It was only natural that one of the most popular television series of the 1970s gave rise to one of the most popular action figures of the decade. Queue the bionic sound effects, please, and welcome Colonel Steve Austin, the Six Million Dollar Man. Steve is wearing a lovely red NASA tracksuit with matching sneakers. Try not to stare at his wonky eye.
Steve Austin the doll was released by Kenner Toys in 1975, at the height of the show’s popularity. The action figure came chock full of accessories which were literally packed inside its body. The aforementioned wonky eye was a representation of the TV character’s bionic eye—which looked normal in the series—and was actually a tiny telescope which kids could look through from an eyepiece in the back of the figure’s head. The right arm was covered with elastic “skin” which could be peeled back to reveal Steve’s bionic implants. The mechanical parts were removable in early editions of the doll but were fixed in place later on. The bionic arm even had super strength—for a 13” inch doll—and could lift up to two pounds. To top it all off, the arm made the signature bionic sound while going through the lifting motion.
The overall coolness of this action figure sold units like hotcakes and over the show’s run it was reissued several times with new and better accessories. In 1977, the right arm featured a “Bionic Grip” and Steve came packaged with a little steel girder so he could show off for the other dolls. A 1978 reissue gave Steve a “Biosonic Arm” that could karate chop the dickens out of any object. Other accessories included a Back Pack Radio—actually worked! —and Critical Assignment Arms and Legs that you could substitute for the doll’s standard limbs.
The Bionic Mission Vehicle was a futuristic, snazzy little number complete with see-through plastic cockpit ceiling, good for driving and flying (it looked a bit like a DustBuster). The Bionic Transport and Repair Station was an activity center that was also a combination rocket ship, surgical bay and carrying case. Obviously, the Six Million Dollar Man didn’t mess around where playtime was involved. Also available in the toy line were other characters from the series, like Oscar Goldman (Steve’s handler) — and villains such as Bigfoot and Maskatron.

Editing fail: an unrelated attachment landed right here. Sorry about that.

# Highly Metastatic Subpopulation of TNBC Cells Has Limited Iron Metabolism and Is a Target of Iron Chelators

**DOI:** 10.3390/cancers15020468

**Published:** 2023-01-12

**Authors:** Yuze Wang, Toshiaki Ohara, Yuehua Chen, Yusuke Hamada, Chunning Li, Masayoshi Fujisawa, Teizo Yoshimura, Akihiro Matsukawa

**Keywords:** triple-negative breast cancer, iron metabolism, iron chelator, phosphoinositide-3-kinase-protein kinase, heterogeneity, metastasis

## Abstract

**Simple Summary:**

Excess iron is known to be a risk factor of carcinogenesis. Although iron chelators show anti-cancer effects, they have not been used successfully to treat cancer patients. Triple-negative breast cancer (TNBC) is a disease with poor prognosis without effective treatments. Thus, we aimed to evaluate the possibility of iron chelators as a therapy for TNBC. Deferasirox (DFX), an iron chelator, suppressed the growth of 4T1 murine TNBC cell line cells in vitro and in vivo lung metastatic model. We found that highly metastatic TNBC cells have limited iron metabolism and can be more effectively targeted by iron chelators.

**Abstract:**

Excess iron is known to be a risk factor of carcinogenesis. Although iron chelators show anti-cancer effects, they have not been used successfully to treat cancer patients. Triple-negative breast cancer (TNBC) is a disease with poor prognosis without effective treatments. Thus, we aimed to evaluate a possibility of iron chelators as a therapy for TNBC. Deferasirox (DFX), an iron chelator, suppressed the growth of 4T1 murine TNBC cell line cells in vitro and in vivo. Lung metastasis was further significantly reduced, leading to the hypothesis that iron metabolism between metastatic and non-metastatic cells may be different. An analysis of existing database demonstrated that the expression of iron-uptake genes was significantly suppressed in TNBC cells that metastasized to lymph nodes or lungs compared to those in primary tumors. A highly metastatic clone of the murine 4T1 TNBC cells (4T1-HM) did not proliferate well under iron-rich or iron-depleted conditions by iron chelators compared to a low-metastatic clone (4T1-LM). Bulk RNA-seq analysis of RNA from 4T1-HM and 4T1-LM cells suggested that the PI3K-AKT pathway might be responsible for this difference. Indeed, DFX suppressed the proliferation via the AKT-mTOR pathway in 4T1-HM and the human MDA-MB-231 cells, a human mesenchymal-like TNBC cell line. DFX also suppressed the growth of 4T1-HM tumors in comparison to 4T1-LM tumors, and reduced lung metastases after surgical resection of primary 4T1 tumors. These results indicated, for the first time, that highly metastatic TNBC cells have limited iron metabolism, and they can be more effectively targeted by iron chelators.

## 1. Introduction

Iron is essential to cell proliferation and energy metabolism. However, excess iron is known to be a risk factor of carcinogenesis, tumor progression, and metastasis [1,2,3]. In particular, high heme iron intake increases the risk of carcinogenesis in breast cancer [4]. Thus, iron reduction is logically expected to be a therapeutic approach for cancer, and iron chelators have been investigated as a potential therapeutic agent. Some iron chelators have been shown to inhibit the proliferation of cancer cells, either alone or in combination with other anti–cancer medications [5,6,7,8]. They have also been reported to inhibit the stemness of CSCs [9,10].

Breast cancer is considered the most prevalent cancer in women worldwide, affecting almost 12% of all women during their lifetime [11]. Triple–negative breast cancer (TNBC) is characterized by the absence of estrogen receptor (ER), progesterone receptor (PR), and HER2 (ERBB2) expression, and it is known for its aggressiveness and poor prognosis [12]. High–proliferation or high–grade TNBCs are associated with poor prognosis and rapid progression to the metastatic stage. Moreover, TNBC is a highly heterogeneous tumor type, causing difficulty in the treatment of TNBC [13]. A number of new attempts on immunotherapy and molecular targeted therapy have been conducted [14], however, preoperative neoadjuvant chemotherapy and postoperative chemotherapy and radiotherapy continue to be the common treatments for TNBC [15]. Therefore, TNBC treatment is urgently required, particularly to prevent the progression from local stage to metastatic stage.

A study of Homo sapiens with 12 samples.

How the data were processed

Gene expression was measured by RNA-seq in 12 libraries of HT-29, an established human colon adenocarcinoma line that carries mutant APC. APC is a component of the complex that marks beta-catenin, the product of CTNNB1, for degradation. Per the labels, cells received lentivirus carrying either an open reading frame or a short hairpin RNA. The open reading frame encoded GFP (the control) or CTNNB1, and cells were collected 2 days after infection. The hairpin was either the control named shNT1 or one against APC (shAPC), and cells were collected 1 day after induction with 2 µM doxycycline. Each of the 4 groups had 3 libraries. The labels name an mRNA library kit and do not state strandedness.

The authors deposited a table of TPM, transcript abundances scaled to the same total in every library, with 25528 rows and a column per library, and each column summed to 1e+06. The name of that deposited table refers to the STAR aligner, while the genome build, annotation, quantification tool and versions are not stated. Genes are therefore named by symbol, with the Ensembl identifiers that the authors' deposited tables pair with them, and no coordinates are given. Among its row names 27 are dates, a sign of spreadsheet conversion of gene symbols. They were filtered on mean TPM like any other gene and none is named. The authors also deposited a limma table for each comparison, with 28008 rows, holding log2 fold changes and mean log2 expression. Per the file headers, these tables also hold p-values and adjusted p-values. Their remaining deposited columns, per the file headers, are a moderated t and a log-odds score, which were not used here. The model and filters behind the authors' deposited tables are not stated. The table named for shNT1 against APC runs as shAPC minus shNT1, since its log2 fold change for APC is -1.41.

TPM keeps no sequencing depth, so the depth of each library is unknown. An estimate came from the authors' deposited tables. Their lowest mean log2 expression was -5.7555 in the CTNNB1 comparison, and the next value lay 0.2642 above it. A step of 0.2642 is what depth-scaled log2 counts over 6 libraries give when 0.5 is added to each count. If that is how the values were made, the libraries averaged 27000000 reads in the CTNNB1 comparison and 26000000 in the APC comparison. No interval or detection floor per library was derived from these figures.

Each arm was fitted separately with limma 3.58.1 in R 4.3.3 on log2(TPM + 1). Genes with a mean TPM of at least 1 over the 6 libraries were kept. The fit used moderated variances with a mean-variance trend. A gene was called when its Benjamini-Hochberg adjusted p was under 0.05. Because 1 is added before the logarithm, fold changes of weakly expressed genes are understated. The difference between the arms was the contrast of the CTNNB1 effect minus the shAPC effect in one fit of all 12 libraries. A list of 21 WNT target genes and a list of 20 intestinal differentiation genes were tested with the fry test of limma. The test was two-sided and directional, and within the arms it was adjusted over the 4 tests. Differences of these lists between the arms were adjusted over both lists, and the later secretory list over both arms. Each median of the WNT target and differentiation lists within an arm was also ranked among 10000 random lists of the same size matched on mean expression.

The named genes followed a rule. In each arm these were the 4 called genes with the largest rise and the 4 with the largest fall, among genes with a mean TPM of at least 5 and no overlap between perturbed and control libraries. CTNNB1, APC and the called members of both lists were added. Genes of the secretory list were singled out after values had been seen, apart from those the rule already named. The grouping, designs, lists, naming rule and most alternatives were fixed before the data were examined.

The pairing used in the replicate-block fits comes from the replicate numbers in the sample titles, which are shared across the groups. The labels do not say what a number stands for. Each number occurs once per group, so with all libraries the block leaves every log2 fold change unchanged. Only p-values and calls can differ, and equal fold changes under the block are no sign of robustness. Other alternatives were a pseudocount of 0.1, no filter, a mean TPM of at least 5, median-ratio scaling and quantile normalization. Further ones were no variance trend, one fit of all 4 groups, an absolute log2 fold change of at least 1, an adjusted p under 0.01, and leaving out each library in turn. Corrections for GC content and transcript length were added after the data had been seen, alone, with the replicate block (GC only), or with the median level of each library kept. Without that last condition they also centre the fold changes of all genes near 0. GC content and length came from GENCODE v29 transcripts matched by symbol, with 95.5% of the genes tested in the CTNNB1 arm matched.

When the TV show was canceled, the Six Million Dollar Man toy line was discontinued as well. Gone but not forgotten, Steve and friends (and enemies) are highly collectible today and it’s no wonder: how many dolls do you know that come with Oxygen Mask Arm as an accessory? Some versions of Steve—especially the rare Biosonic Arm issue—can fetch thousands of dollars at an auction. Early editions with the removable bionic implants are very rare because duh, removable tiny doll parts equals lost tiny doll parts. When will children learn to keep their toys in mint condition?
If you were the proud owner of any of these memorable toys as a kid, share your adventures with us in our comments section as we tip our hats to Steve Austin for inspiring such a cool line of toys.